Another La Nina? After last winter, we'll take it!
La Niña. El Niño. Whatever. It always sounded to me like a soundbite for the media more than a real predictor of local weather. Sure, the temperatures of the ocean currents surely have profound effects on the planet’s weather, but how much they affect things like snow quality for heli-skiers is is another thing entirely. Or so I thought.
I was always a cynic of long term weather forecasting. Then last winter happened. I don’t think I’ve had more face shots in a single winter in my entire life. Nearly every day was a powder day. And all the North American skiers I talked to - from Aspen, to Jackson Hole, to Banff to Revelstoke - had the same experience. By February, I found myself asking: “Now, was this a La Niña or an El Niño season? ‘Cause whatever this is, I want another one!”
Last winter, demonstrated in the above photo from CMH Gothics, was a strong La Niña, so this year when August rolled around and I heard La Niña was in the forecast, I started getting excited.
Curious about long range forecasts, I looked at the usual places. NOAA’s Climate Prediction Center anticipates above normal precipitation and snowfall in parts of the Pacific Northwest (a good thing for heli-skiers), with equal chances for above or below average precipitation for the southern US Rockies of Colorado and Utah. For skiers interested in weather predictions, it’s worth checking out NOAA’s maps of precipitation and temperature. The map below is NOAA's the predicted precipitation for the USA this coming December through February:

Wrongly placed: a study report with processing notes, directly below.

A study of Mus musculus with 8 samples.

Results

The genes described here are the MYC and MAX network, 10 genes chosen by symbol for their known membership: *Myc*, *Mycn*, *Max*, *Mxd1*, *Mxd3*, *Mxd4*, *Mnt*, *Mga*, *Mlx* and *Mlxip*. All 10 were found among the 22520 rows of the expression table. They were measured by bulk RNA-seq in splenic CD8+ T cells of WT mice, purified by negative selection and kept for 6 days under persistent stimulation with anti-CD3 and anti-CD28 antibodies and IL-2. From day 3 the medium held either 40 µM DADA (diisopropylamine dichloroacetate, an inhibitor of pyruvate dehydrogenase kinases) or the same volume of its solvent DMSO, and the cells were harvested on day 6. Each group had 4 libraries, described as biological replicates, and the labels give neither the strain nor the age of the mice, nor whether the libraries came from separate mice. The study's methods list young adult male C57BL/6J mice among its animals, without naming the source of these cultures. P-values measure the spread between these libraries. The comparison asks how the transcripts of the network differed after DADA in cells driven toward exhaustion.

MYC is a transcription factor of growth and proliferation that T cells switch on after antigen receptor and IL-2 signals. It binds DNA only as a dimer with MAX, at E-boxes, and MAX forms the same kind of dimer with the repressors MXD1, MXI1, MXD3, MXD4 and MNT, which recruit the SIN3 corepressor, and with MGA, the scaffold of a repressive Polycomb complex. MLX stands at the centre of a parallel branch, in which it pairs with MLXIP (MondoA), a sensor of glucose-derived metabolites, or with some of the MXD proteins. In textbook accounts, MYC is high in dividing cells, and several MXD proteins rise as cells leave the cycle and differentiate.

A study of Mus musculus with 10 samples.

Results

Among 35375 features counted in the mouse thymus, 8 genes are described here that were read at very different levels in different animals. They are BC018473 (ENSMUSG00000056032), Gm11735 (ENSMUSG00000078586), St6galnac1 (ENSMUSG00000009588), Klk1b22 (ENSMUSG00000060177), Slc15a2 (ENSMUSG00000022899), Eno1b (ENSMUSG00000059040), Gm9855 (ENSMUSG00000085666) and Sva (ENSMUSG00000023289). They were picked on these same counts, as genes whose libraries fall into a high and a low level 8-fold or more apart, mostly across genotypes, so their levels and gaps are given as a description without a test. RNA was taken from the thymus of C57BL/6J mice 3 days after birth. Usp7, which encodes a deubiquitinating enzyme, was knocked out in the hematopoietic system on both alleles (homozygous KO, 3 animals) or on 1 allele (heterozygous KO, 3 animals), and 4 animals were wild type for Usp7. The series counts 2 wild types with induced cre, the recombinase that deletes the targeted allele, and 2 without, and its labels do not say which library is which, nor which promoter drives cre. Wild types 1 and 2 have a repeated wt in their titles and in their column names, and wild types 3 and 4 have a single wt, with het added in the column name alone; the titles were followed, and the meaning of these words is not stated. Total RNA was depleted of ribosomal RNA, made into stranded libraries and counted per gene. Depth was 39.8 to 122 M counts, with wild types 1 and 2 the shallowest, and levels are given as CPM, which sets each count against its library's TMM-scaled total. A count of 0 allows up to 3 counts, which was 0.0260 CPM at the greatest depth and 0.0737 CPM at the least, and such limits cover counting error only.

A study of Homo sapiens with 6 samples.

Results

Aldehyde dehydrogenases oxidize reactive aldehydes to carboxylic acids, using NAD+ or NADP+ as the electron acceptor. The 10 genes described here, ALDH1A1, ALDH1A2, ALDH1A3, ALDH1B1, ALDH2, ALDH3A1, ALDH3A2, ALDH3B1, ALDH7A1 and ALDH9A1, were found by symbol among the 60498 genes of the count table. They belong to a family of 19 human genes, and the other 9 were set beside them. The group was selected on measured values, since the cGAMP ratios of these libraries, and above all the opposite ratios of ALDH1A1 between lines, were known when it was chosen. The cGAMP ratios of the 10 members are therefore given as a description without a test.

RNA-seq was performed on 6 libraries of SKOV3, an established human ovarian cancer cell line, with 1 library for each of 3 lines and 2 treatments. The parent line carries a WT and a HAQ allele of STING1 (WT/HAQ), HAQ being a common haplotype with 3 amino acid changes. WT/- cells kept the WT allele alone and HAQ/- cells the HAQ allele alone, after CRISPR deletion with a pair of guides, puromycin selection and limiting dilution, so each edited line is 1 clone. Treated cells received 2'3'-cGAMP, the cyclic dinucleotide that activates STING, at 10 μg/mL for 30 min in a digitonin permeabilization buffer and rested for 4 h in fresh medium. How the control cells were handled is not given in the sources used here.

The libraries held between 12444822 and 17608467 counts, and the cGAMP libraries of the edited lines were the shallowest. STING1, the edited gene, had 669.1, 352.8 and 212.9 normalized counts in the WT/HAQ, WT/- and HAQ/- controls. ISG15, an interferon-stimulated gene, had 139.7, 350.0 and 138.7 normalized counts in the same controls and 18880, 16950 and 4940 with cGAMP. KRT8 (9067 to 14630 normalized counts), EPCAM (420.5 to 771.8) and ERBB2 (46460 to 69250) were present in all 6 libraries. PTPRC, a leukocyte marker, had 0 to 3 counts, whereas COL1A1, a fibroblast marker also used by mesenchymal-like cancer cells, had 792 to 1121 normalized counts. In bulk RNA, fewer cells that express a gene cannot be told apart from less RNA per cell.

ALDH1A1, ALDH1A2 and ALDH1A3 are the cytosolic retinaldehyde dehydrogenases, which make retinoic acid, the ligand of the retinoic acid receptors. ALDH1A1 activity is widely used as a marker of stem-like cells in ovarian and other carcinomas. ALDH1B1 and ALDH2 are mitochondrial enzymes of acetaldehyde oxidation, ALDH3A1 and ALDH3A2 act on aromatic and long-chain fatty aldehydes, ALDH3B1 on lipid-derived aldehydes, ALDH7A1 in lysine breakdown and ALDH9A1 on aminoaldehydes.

For a more applicable insight into how much long term weather prediction can foecast ski quality, I looked up Joel Gratz, a skier and meteorologist who has combined his passions into one of the web’s most followed ski websites, Colorado Powder Forecast. He has an immense following, and his visionary approach is profiled here in Colorado's Denver Post.
I asked Joel straight up: How much can skiers rely on La Niña/El Niño to forecast skiing quality for an upcoming winter? For example, would you base purchasing a season pass or a ski trip based on La Niña?
Joel replied: “Weather is only one factor I look at when deciding to purchase a ski pass or plan a trip. Meteorologists can somewhat accurately predict snowfall patterns during seasons with a strong El Nino or La Nina. But this season features a weaker La Nina compared to 2010-2011, so confidence in a snowfall outlook for the winter is lower than last year. Ultimately, the quality of skiing comes down to each individual storm, which aren't predictable more than about a week ahead of time.”
Gratz wrote an article on La Niña for Skiing Magazine and, while he’s not a big fan of long term weather forecasting as it relates to ski quality either, he did make this general - and if you’re a skier, highly exciting - statement: “For North America, La Niña has some predictable consequences for snow during the winter: it snows a lot.”
To give heli-skiers some real information on the World’s Greatest Skiing, I sent Joel snowfall data for the Columbia Mountains near CMH Heliskiing areas going back as far as the 70s. From the reports, he looked at for Mica Creek weather station near CMH Monashees, he had this to say: “In short, it looks like La Niña signals at least average or well above average snowfall.”
That's saying something - average snowfall in the Columbia Mountains is utterly epic. His quick study agrees with Environment Canada’s predictions, visible above in their precipitation forecast map for this coming December and January, which puts CMH Heliskiing areas in the red and white zone for normal or above normal precipitation.
What about you? Is the La Niña forecast changing your winter plans?